Having experienced several years of strong growth, the global green bond market is expected to face major hurdles this year as the world continues to grapple with the economic fallout from the Covid-19 pandemic.
According to Moody’s Investor Service global green bond market volumes are expected to be between US$175 billion and US$225 billion for 2020, compared with initial estimates of US$300 billion.
Overall sustainable bond issuance, which includes green and social bonds, took a hit in the first quarter of 2020 with US$59.3 billion raised, a 32% drop compared with Q4 2019. In March 2020, only US$2.8 billion worth of green bonds were issued into the market.
In terms of geographical spread, activity was muted from both North American- and Asia-Pacific-based green bond issuers. European issuers led the way for green bonds in Q1 2020, representing more than half of deals globally.
Despite the drop-off in green bond activity, there has been an uptick in social bonds compared with previous quarters, with the global market raising a quarterly record of US$11.9 billion for social projects. Moody’s believes this uptick in demand was driven by the focus on social projects related to the global response to the Covid-19 outbreak.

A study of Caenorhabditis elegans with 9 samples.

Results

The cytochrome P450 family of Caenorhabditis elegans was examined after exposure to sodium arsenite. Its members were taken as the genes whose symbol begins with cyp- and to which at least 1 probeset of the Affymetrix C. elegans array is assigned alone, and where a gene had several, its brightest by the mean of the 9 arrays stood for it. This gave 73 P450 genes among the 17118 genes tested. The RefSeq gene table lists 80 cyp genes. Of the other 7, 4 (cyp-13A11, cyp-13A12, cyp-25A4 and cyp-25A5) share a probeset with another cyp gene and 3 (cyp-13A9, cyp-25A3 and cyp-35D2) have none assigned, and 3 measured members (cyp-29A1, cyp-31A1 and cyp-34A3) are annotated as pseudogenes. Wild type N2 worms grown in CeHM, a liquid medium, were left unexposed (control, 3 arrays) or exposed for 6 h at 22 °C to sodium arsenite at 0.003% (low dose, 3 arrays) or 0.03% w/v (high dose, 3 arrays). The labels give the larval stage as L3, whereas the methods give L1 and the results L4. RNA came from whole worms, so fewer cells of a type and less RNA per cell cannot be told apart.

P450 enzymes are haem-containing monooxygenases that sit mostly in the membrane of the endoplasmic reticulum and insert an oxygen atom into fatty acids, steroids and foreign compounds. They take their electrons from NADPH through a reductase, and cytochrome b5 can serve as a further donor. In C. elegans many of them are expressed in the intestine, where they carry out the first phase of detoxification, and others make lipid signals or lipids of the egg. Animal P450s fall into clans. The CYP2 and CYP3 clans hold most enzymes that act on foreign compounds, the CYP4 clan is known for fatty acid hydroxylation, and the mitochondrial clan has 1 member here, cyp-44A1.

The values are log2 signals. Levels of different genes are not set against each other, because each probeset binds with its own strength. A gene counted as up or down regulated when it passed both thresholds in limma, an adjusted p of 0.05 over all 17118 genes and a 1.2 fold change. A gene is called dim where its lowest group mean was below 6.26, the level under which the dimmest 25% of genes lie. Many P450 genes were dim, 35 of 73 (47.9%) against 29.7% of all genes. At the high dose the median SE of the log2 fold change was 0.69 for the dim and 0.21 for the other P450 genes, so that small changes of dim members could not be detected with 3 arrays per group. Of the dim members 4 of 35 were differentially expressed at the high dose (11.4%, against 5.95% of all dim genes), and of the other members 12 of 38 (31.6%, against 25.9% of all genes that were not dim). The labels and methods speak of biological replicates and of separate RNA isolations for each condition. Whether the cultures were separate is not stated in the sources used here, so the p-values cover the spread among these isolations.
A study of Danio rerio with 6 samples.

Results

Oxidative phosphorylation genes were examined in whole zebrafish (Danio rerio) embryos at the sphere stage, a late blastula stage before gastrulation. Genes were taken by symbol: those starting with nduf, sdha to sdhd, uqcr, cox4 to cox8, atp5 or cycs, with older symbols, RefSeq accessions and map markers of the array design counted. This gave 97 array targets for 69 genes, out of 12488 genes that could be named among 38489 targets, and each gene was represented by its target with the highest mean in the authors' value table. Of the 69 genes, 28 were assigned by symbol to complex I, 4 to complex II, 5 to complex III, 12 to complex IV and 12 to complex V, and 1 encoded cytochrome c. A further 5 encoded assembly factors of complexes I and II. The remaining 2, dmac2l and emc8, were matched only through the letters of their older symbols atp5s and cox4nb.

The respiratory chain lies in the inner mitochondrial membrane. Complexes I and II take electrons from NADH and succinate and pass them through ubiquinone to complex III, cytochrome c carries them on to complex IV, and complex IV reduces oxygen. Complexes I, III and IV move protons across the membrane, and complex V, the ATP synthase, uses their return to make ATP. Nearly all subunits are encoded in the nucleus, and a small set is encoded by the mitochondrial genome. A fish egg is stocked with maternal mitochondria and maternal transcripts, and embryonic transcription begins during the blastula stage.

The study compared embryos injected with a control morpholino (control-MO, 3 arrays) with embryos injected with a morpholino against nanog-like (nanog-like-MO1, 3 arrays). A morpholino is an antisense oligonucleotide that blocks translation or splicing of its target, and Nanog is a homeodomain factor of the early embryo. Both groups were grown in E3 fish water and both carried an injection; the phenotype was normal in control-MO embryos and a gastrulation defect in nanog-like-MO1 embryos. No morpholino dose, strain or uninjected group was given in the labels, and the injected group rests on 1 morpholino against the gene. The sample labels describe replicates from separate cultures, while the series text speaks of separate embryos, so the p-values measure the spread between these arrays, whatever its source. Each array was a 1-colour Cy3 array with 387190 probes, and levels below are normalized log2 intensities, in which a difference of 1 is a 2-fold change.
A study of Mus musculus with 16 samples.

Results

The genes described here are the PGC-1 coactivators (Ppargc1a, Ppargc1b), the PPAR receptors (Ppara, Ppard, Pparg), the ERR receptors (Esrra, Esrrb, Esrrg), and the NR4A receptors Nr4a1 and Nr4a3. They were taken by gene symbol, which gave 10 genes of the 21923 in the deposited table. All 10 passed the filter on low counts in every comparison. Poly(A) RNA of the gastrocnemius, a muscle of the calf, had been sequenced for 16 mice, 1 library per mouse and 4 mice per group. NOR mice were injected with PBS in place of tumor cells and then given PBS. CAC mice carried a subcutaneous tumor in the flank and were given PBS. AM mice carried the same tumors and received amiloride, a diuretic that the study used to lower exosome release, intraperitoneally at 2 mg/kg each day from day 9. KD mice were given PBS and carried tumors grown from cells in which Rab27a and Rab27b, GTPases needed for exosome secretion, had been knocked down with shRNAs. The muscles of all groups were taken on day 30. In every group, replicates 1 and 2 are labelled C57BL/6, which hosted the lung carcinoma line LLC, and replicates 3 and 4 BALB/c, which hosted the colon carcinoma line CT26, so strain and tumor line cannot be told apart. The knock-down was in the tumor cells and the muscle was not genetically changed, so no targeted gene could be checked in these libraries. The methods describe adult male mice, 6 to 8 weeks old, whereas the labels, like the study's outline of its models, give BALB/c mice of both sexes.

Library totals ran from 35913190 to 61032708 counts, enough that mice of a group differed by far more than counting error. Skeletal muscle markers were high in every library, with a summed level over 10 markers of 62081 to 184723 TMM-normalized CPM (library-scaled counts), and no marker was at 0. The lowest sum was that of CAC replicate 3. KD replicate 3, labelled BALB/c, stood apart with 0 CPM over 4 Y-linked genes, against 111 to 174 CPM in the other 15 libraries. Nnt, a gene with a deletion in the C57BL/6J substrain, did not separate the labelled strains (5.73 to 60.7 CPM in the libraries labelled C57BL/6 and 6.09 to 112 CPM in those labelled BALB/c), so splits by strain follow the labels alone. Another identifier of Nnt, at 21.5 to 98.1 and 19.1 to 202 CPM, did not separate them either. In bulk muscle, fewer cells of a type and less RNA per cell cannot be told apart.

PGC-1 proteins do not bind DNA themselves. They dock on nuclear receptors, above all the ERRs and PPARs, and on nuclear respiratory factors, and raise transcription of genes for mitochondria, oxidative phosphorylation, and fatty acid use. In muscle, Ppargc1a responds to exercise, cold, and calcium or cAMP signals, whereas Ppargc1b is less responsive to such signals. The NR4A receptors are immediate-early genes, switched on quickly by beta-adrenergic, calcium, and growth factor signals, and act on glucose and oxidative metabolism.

Since the emergence of Covid-19 on the global stage, several high-profile issuers, including the Republic of Indonesia and the New Development Bank, have issued bonds targeted at providing relief for those most effected by the virus.
“Greater emphasis on social finance and sustainable development will likely be one of the lasting outcomes of the coronavirus crisis,” predicts Matthew Kuchtyak, AVP-analyst at Moody’s.
While green bond market activity remains uncertain, there has been continued progress when it comes to the standardization of regulations on green bond qualifications. In Q1 2020, the European Union (EU) Technical Expert Group on Sustainable Finance published a series of updated documents on sustainable finance taxonomy and a proposed EU green bond standard that aims to guide potential issuers in the future.